Monday, December 29, 2008


We want to introduce you to the many people and organizations who are contributing time, thoughts, space, and ideas to “Plants without Borders” project.

As part of this project, in fall 2008 we will begin a series of workshops, followed by interactive group discussions about plants and culture.

The workshops will be opportunities for people like you to bring samples, photos and stories about their favorite plants and their culture. The location of these panels will be announced this fall. In order to reach people of different cultures, we want to take these workshops into several neighborhoods (please let us know of possible locations in your area).

Scholars who will be speaking at the workshops and/or the panel discussion will include: Geoffrey Philp, Steven Woodmansee, Kiki Mutis, Sheila Kelly, Reggie Whitehead, Adrian Castro, and Carol Hoffman-Guzman.

Geoffrey Philp, originally from Jamaica, often includes rich descriptions of native plants in his poetry. Geoffrey teaches English at Miami Dade College and is the chairperson of the College Prep Department at the North Campus. He is author of the children's book, Grandpa Sydney's Anancy Stories, a novel, Benjamin, My Son, a collection of short stories, Uncle Obadiah and the Alien, and five poetry collections, including Exodus and Other Poems, Florida Bound, hurricane center, and xango music. Read more at See below his poem, Naseberry Berth.

Kiki Mutis, born in Colombia, South America, believes that plants can heal divisions between people and cultures. Kiki is the Director of the Community Science Workshop at Citizens for a Better South Florida, Inc., a non-profit environmental education organization in Miami. See Kiki has a B.A. in Environmental Studies and a M.S. degree in Environmental Science. Her workshops include one for at-risk-youth. Kiki organizes events including a nature trip where naturalists guide homeless and migrant farm-worker children through the trails of the Everglades National Park. Kiki worked as a Natural Resource Volunteer in Bolivia from 1999- 2001.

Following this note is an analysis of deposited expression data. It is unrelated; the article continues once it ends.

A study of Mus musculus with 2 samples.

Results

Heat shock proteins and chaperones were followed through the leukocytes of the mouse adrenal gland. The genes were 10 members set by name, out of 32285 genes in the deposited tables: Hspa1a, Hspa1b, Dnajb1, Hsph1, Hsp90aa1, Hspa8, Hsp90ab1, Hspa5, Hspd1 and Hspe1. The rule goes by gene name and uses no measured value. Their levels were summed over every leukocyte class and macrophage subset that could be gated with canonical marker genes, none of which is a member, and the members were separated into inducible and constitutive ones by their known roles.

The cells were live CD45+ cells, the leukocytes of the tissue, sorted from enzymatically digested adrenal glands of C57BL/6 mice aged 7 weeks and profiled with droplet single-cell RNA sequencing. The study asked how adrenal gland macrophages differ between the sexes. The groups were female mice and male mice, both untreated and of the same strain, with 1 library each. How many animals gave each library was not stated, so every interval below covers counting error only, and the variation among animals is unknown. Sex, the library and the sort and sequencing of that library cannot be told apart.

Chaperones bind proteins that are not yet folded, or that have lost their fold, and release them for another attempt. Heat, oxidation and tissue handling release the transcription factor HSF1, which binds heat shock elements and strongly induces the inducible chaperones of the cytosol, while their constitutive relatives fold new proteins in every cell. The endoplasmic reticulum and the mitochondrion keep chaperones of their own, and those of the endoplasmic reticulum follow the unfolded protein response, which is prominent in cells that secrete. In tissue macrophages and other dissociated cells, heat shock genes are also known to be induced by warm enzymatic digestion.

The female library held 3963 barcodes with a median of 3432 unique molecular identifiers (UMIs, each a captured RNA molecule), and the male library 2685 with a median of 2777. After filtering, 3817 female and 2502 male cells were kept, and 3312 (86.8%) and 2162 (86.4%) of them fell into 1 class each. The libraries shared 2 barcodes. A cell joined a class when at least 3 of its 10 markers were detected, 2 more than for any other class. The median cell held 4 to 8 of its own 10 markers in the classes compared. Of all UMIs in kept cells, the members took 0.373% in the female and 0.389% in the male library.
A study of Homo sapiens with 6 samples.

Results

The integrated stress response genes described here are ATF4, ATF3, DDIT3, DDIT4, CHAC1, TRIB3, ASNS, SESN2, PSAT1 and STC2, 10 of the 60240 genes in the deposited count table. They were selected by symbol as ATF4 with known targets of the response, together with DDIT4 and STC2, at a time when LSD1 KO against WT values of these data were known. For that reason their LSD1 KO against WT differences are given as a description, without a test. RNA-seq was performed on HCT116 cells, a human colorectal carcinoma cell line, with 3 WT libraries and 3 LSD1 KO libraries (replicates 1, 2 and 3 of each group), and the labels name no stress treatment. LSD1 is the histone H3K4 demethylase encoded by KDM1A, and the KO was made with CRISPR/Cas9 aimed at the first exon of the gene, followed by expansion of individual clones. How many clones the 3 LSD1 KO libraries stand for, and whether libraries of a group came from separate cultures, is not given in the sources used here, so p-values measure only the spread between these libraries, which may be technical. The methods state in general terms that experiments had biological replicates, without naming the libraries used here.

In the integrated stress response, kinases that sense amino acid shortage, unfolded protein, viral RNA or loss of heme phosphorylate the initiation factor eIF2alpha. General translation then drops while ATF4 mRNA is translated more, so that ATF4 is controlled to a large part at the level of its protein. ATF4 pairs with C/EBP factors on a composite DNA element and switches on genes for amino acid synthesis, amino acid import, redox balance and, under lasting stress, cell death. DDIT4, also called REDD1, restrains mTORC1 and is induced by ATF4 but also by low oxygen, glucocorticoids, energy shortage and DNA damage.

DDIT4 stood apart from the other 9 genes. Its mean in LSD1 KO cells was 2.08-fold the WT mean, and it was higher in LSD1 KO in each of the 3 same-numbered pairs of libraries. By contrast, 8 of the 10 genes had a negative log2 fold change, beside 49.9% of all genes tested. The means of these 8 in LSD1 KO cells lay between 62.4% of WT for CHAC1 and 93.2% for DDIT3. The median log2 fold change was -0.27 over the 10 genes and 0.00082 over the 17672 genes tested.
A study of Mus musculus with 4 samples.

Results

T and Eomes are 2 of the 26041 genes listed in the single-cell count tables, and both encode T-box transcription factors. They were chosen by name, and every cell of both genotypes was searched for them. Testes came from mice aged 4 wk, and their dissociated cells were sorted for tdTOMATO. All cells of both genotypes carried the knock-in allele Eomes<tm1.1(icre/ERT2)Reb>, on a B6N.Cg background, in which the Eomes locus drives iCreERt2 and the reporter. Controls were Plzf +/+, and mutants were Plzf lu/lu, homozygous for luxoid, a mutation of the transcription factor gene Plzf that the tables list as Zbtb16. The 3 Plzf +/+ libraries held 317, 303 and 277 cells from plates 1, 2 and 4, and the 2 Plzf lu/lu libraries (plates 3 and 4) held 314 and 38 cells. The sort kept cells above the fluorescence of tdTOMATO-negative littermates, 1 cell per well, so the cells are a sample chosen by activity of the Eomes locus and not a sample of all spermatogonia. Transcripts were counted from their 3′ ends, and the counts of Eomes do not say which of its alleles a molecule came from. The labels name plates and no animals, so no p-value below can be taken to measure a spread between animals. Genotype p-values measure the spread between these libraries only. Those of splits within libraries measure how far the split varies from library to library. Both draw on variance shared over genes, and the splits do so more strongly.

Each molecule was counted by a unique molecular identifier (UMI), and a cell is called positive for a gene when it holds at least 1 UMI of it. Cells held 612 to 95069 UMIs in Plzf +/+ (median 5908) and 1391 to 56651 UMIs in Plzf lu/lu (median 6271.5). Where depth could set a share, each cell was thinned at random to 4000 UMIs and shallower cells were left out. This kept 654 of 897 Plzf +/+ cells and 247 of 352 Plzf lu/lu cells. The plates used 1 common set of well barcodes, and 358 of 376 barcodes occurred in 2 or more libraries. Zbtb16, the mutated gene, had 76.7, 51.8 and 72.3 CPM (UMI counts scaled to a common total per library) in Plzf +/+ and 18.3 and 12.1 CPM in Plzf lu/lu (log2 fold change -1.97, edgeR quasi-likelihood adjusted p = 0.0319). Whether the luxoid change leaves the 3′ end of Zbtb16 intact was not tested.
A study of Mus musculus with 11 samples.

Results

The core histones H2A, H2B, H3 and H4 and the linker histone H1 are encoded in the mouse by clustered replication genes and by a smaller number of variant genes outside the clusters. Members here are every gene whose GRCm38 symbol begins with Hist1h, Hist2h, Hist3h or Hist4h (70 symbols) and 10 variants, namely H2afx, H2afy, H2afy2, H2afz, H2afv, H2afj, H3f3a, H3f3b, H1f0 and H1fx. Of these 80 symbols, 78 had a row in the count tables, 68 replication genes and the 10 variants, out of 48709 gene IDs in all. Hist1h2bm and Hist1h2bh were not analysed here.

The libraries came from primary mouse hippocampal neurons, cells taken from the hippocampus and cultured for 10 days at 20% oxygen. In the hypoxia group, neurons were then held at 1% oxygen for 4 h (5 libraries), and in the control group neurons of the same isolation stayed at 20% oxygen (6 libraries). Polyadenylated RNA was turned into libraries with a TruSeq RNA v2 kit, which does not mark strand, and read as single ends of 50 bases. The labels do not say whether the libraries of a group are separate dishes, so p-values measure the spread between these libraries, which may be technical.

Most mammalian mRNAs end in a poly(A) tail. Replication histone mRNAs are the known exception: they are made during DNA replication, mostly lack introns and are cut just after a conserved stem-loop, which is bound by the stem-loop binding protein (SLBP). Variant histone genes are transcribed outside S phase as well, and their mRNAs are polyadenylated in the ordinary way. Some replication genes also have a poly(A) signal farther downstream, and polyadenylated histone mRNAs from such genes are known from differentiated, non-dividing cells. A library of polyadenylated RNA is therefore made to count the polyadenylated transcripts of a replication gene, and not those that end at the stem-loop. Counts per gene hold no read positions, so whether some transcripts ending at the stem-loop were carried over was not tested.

Steven Woodmansee will be teaching several workshops and speaking at our panel discussions. He owns his own consulting business, Pro Native Consulting See the posting on August 20 for more info about Steve. (See next blog for more on Steve.)

Reggie Whitehead is a renowned fern specialist, a native Miamian, and a talented actor/singer. Although his formal education is in Communications (journalism and public relations), Reggie has spent the past 25 years studying ferns and other plants from throughout the Americas and Southeast Asia. His fern forays have taken him to Ecuador, Jamaica, Costa Rica, Trinidad, Mexico, Java, Thailand, Borneo, Malaysia, Singapore and Sumatra. In Sumatra, he discovered a new and distinctive fern species that was subsequently named in his honor, Microsorum whiteheadii (Smith & Hoshizaki). He serves on the Board of Trustees of Fairchild Tropical Botanic Garden in Miami.

Adrian Castro, Cuban-Dominican-American, is a poet, performance artist, and a state-licensed herbalist. In his work, he speaks about melting pot of cultures in the Caribbean, the migratory experience from Africa to the Caribbean to North America, and also the clash of cultures. Adrian knows and uses plants from both Cuban and African origins. His latest book Wise Fish has many verses speaking on native plants. Click here for more info.

Sheila Kelly is a Master Gardener and a Registered Horticultural Therapist. For years, Sheila has been involved in plants -- on the board of the Miami Beach Garden Conservancy, active in Urban Environment League, and bringing plants into senior citizen facilities as a way of revitalizing people’s lives. Sheila is also the director of the PROFESSIONAL TOUR GUIDE ASSOCIATION OF FLORIDA.

Project Director, Dr. Carol Hoffman-Guzman, has an undergraduate degree in anthropology from Cornell University, graduate work in archaeology/sociology at Columbia, and a Ph.D. from Florida International University in sociology, with an emphasis in race and ethnicity. Carol, viewing her mission as “applied anthropology,” has initiated an arts-related nonprofit, Arts at St. Johns, which explores and promotes the social value of arts.


Naseberry Berth, by Geoffrey Philp

Under a web of boughs, thick
as the lines in my father's ledger,

naseberries, brown and globular,
hung like burnished moons

over a green firmament;
late blossoms spired summer sky,

nectar drunk bees through a canopy
of leaves, tender as the hairs

on my sister's nape, crashed
into glass jalousies, the wide-

ning gap between the maid's quarters
and kitchen. Below veined arms

of the trunk, firm as my mother's
Adventist faith, tendrils dived deep

into dark humus, burrowed through stone,
shattered rock to sand, small

headstones for earthworms,
rooted in the shadow of our yard.

NOTE: Naseberry (Manilkara zapota) is called sapodilla in Mexico, níspero in Colombia, Nicaragua, El Salvador, Dominican Republic and Venezuela; nípero in Cuba and Dominican Republic; dilly in the Bahamas; naseberry in the most of the West Indies; and sapoti in Brazil.

The Arts at St. Johns has many wonderful arts and culture events. If you would like to receive occasional emails about upcoming events and opportunities, just click here to subscribe to our email list.